Fruiting Bodies
Fruiting Bodies
Award Winner
Jessica Reisch
School Information:
Graduate Student
School of Visual Arts
New York City, New York, United States
Artwork Information:
Medium: Interactive Projections
Category: Bio Art
Year Produced: 2024

“Fruiting Bodies” explores the familiar mushroom as a window into the vast and largely invisible, networked relationships in the natural world. As an immersive, educational installation, this project combines fungi-generated audio with interactive, projected visual sequences that represent fungi’s parts and processes: mycelium (the true body of the fungus, comprised of networks of fungal threads called hyphae beneath the earth), the mushroom (the fruiting body of the fungus), and spores (fungi’s reproductive structures).

In experiencing the piece, participants listen to live audio that is generated in real-time, through a biodata sonification device made with an Arduino. This device uses the natural conductivity of live fungi via electrical currents captured through electrodes, and translates that information into MIDI data, or electronic music notes. This process turns the bio-rhythms of fungi into effectors of sound. In the piece, the live data contributes to soundscapes created with field-recordings, using hydrophones that record water-based ecologies, and geophones that record land and soil-based ecologies. These recordings were edited and mixed and then affected by the MIDI data from the live fungi through a process developed in the software Max.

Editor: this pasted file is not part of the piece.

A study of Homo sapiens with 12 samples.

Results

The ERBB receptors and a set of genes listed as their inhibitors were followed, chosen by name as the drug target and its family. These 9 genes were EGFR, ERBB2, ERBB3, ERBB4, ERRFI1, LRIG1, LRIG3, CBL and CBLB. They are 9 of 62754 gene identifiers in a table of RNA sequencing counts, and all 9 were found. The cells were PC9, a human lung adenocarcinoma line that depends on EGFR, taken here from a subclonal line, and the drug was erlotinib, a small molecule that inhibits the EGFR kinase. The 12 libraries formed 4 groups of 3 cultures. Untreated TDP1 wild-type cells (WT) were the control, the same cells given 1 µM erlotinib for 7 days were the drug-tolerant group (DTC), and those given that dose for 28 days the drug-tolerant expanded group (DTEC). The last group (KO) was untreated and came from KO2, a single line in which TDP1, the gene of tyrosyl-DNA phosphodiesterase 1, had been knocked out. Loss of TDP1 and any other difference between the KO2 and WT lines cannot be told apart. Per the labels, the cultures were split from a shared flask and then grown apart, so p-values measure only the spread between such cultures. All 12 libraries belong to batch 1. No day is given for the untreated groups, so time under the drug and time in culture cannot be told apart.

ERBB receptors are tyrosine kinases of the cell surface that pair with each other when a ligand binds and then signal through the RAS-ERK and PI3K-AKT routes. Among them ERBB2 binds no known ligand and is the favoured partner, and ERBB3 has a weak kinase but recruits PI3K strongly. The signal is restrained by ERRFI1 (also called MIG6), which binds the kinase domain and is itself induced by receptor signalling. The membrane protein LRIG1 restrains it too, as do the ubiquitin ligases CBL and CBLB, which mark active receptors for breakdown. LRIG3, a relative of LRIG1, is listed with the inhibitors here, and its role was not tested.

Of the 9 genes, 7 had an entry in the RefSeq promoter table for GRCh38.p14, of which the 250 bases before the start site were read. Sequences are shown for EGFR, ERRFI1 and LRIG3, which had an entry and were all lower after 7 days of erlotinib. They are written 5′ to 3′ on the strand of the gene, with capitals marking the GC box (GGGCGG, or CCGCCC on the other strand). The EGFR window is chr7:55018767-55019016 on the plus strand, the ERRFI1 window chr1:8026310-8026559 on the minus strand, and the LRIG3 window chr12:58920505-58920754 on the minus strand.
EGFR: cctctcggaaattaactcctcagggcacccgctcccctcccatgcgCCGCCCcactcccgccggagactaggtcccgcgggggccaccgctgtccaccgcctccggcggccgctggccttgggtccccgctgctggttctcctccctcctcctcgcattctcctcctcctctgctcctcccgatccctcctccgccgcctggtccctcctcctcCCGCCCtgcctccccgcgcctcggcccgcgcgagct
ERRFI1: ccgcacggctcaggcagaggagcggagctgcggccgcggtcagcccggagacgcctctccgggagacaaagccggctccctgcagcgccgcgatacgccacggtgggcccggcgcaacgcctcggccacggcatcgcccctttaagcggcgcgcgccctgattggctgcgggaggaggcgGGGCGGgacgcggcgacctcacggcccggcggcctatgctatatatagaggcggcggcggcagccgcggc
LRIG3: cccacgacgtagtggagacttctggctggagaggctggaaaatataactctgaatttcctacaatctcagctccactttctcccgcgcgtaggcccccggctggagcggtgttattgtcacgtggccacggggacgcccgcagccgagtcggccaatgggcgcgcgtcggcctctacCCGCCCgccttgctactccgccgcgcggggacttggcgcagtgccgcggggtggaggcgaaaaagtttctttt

The visual sequences are projected onto a large cyclorama screen. The wall-plane invites the participant to become a fruiting body of a fungus in a simulation of spores floating in the air. Simultaneously, on the ground-plane, a mycelium projection follows the participant as they walk, observing fungal hyphae grow, branch and fuse around their feet. Both sequences have been developed in the software TouchDesigner and utilize a Kinect device for interactivity.

When the visuals and audio coalesce, an environment is created that feels both ethereal and grounded–of this earth, while beyond the often limited, human conceptions of it. “Fruiting Bodies” aims to encourage a recontextualization of human-centric perspectives within a broader and more inclusive, multispecies framework.

Technical Information:

The interactive visuals in this work were created using a TouchDesigner, with data from a Kinect. The audio for this piece was generated using live fungi, through biodata sonification (a process that turns electrical currents into MIDI data) which was built using physical computing with an Arduino.